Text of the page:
Study finds law firms and corporations increasingly turning to alternative legal service providers


That was the main finding in a study (PDF) released Tuesday by the Thomson Reuters Legal Executive Institute, in partnership with the Georgetown University Law Center for the Study of the Legal Profession and the University of Oxford Said Business School. According to a press release, more than 800 law firms and corporations participated in the study, which endeavored to determine the extent to how respondents used ALSPs and the future outlook for ALPSs in the legal market. The study found that 51 percent of law firms and 60 percent of corporations are already using ALSP’s, which are defined in the study as non-law firm entities that provide legal services outside of the typical law firm model. Meanwhile, an additional 21 percent of law firms and 14 percent of corporations are planning to use an ALSP in the coming year.

“The legal ecosystem is rapidly evolving to the point where alternative legal service providers are no longer the new kids on the block, they now play an accepted and expanding role for legal departments and for law firms,” said Eric Laughlin, managing director of Thomson Reuters Legal Managed Services, in a press release.

Much of this increase is being fueled by the need for the kind of specialized expertise that ALSPs provide. According to the study, the most commonly cited reason for ALSP use from both law firms and corporations was to gain access to specialized expertise not available in-house. “Our study highlights the change in narrative around ALSPs: clients are no longer driven by cost savings alone, they are looking to ALSPs to bring technology, process and legal expertise,” said Laughlin in the press release. “The report shows there are tremendous opportunities for growth not only for ALSPs, but also for law firms, who can use—and are using—ALSPs as partners to expand their business.”

The study found that corporations are mainly using ALSPs for help with compliance and regulatory requirements, while law firms are mainly using ALSPs for help with litigation-related tasks like e-discovery, document review and investigative support.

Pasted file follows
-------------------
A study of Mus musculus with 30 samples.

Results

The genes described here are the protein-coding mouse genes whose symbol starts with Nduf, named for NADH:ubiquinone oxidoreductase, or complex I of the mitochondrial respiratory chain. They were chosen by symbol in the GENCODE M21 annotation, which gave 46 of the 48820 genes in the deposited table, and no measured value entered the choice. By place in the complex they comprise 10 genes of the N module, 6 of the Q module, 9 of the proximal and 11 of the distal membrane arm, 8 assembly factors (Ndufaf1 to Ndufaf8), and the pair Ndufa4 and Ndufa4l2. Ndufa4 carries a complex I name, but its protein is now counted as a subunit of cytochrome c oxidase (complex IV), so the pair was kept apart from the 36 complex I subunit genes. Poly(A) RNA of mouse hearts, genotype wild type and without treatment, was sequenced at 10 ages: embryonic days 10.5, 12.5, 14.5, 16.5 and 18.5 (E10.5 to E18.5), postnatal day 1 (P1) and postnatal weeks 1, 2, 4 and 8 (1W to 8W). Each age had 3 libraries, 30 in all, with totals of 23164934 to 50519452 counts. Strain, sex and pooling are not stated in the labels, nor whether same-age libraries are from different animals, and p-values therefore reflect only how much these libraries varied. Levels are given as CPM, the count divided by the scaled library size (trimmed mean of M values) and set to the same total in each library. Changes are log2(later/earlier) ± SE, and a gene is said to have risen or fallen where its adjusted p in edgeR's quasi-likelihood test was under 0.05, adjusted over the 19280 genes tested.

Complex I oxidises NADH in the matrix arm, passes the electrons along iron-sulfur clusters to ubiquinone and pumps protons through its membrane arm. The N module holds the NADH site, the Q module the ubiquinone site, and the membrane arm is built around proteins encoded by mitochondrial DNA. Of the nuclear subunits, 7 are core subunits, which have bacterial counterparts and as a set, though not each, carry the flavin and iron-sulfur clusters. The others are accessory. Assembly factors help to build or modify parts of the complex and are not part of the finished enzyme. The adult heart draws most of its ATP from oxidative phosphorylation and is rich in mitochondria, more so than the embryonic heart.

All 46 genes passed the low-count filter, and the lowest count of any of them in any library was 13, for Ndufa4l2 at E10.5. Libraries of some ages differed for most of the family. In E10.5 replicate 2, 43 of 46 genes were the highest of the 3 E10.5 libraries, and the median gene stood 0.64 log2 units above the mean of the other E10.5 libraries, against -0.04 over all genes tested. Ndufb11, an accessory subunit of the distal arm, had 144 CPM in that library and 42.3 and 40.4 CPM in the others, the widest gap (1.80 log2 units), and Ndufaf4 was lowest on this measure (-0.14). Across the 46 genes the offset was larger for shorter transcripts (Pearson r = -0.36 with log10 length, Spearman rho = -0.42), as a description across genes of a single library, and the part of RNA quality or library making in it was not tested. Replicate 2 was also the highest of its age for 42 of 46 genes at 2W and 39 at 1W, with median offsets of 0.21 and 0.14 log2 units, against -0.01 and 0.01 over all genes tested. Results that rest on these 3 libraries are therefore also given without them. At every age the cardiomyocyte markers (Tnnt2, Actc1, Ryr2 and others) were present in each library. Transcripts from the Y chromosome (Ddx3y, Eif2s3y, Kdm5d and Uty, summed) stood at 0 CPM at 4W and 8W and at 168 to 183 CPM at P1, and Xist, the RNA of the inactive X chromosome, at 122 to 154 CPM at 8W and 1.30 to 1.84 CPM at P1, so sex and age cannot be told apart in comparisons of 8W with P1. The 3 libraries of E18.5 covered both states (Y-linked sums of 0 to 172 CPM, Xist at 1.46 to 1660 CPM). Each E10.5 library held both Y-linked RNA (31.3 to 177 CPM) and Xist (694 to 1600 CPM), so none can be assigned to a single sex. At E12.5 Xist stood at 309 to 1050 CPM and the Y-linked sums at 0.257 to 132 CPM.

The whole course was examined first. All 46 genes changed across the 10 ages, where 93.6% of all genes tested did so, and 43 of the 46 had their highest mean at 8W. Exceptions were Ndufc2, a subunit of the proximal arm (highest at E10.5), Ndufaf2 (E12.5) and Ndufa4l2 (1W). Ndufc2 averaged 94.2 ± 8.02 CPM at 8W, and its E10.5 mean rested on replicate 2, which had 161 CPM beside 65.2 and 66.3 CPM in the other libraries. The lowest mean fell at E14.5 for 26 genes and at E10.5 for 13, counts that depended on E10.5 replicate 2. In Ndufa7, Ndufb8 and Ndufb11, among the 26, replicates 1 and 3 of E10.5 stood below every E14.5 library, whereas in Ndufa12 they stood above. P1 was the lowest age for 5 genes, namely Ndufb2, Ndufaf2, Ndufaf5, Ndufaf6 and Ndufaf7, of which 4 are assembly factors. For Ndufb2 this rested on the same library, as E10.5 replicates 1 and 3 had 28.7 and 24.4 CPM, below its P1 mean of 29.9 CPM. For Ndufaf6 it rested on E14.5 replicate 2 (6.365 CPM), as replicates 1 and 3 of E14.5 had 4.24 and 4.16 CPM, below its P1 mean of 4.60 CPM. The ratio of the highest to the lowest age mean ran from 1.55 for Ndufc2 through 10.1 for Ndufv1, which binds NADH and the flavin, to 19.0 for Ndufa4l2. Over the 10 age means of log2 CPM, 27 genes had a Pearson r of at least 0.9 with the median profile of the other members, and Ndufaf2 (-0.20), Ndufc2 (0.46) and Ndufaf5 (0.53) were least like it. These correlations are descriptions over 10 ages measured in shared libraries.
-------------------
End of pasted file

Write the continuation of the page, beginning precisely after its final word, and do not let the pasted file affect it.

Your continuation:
Of course, cost still plays an important role. According to the study, 55 percent of law firms see ALSPs as a way of bringing down fees in accordance with client demands. Additionally, law firms and corporations are both looking at tools that can help them reduce the costs of high-volume transactional processes, and are turning to ALSPs.

“ALSPs are not just about lower cost, but also about access to specialized expertise and alternative modes of delivery,” said report co-author Mari Sako, professor of Management Studies at Said Business School at the University of Oxford, in a press release. “Our study indicates that some corporate legal departments and law firms are responding by setting up, or considering setting up, ALSPs themselves.”

Even though some respondents remain concerned over the quality of service from an ALSP, especially from a data security and cost-benefit point of view, the study sees a bright future for ALSPs within the legal industry. “While their use today is primarily centered around standardized tasks, increasing sophistication on the part of the ALSPs, as well as better technology and growing familiarity and comfort on the part of law firms and corporations could lead to ALSPs playing a greater role in increasingly complex services and tasks,” the report states.

The report recommended that law firms can better utilize ALSPs to grow and retain business, either by partnering with an ALSP and acting as a client’s general contractor instead of as a one-stop shop, or by creating an affiliated entity to perform specialized services for clients.